Insight into the new way of doing journalism
As Friday's aircraft to Brazil rolled down the runway at OR Tambo International Airport with most of South Africa's investigative reporters on board, I wondered what would happen to our journalism if it went down...
We certainly would get fewer embarrassing stories in our media. Would that be good or bad news for those who think we get the balance wrong between the two?
The journalists were on their way to the 11th Global Investigative Journalism Conference in Rio de Janeiro, which this year drew about 1,300 muckrakers from more than 80 countries. They shared techniques and tricks - especially all the smart new ones involving data, spreadsheets, the internet and social media - and stories of the year's triumphs in calling to account those with power. These ranged from the exposé of masses of information about offshore accounts and how they are used to launder money, through the publication of Pakistani MPs' tax records, which showed that 25% of them paid no tax at all, to the revelation of South Korean intelligence using social media to interfere in that country's elections, and the sale of Matric exam results in Jordan.
South Africans fared well against this stiff competition. The Sunday Times' crack team of Mzilikazi wa Afrika, Rob Rose and Stephan Hofstatter were joint winners of the global Shining Light Award for their story of a KwaZulu-Natal police "hit squad". And the Daily Dispatch's Msindisi Fengu and Yandisa Monakali were finalists for their work on the conditions of school hostels in the Eastern Cape.
But they were all overshadowed by the present rock star of journalism, Glenn Greenwald, one of the key players in the Edward Snowden exposé of the extent of surveillance being undertaken by US security agencies. If journalists should avoid being the story themselves, then Greenwald is in trouble, judging by the way he was swamped by fawning journalists wanting to be photographed with him.
I took a picture of journalists taking pictures of other journalists taking pictures of a celebrity journalist. Layer upon layer of irony.
In a conversation with a Dutch journalist, Greenwald took the opportunity to trash the mainstream media, particularly the New York Times, which had held on to the story of the US National Security Agency illegally listening to the phone calls of Americans for 18 months, during which time George Bush was re-elected. Even the Guardian was not spared, despite the support, resources, audience and credibility and impact they had lent to him to make his story the biggest of the year.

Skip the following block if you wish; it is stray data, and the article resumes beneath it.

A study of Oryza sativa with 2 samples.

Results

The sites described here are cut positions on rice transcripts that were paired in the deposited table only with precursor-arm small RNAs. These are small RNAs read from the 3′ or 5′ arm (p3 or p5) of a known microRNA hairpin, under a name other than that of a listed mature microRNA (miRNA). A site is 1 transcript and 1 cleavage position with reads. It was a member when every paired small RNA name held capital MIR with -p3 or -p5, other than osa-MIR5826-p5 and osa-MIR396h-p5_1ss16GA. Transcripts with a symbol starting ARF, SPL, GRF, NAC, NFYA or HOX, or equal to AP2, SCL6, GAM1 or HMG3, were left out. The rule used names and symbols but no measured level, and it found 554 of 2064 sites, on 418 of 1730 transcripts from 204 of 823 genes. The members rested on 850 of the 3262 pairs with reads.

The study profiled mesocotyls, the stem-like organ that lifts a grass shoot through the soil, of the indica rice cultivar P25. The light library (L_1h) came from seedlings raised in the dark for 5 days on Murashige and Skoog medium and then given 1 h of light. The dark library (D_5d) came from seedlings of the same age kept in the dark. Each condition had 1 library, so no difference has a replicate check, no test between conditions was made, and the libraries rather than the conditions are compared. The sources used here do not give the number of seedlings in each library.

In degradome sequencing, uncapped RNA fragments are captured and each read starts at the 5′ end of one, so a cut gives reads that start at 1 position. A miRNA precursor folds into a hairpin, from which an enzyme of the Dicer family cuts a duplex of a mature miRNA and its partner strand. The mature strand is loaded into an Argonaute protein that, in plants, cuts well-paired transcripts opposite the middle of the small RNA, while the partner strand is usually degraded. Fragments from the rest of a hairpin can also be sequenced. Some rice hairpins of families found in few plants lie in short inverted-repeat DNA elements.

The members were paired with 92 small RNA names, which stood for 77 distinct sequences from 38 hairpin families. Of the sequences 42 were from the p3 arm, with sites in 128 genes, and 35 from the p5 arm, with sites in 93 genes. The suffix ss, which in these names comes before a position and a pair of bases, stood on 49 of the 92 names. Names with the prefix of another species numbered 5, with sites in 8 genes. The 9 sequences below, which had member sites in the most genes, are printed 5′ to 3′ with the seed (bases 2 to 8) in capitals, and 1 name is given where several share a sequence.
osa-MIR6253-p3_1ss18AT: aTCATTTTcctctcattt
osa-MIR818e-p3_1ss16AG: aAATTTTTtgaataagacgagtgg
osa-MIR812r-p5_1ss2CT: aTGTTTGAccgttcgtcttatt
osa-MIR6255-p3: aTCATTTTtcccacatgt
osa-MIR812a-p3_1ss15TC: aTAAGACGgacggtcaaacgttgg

It must have been hard for the Guardian's recently retired investigations editor, David Leigh, recipient at the conference of a Lifetime Achievement Award, to listen to this. But it is the new way of journalism: an activist and independent blogger becomes a newspaper writer and delivers the story of the year, though he has an ambivalent relationship with his outlets.
A corrupted profession?
Journalism was a corrupted profession, he said, and he celebrated that the mainstream media are in demise. He had contempt for the rules that suggest he should keep a professional distance from his source and be dispassionate about his subject. "I am not going to pretend I am a robot," he said.
Greenwald was more eloquent about the dangers of a surveillance state. People who were always watched would opt for behaviour that was cautious and conformist, he said. Surveillance made impossible a whole range of activities, including journalism, where one could not protect a source if one was constantly watched, he said. Even if it was true that US intelligence had only gathered metadata - the information of when, who and for how long you phoned - it meant they could know an enormous amount about what one was doing.
The idea of democracy, he said, was that we should know as much as possible about the activities of the state and government, to hold them accountable, and we should have as much privacy as possible, to keep the state out of our private lives. But the opposite was happening: the state was getting more secretive and we were losing our privacy. Those who did not care, were giving themselves up as slaves, he said.
About Anton Harber
Anton Harber, Wits University Caxton Professor of Journalism and chair of the Freedom of Expression Institute, was a Weekly Mail (now Mail & Guardian) founding editor and a Kagiso Media executive director. He wrote Diepsloot (Jonathan Ball, 2011), Recht Malan Prize winner, and co-edited the first two editions of The A-Z of South African Politics (Penguin, 1994/5), What is Left Unsaid: Reporting the South African HIV Epidemic (Jacana, 2010) and Troublemakers: The best of SA's investigative journalism (Jacana, 2010).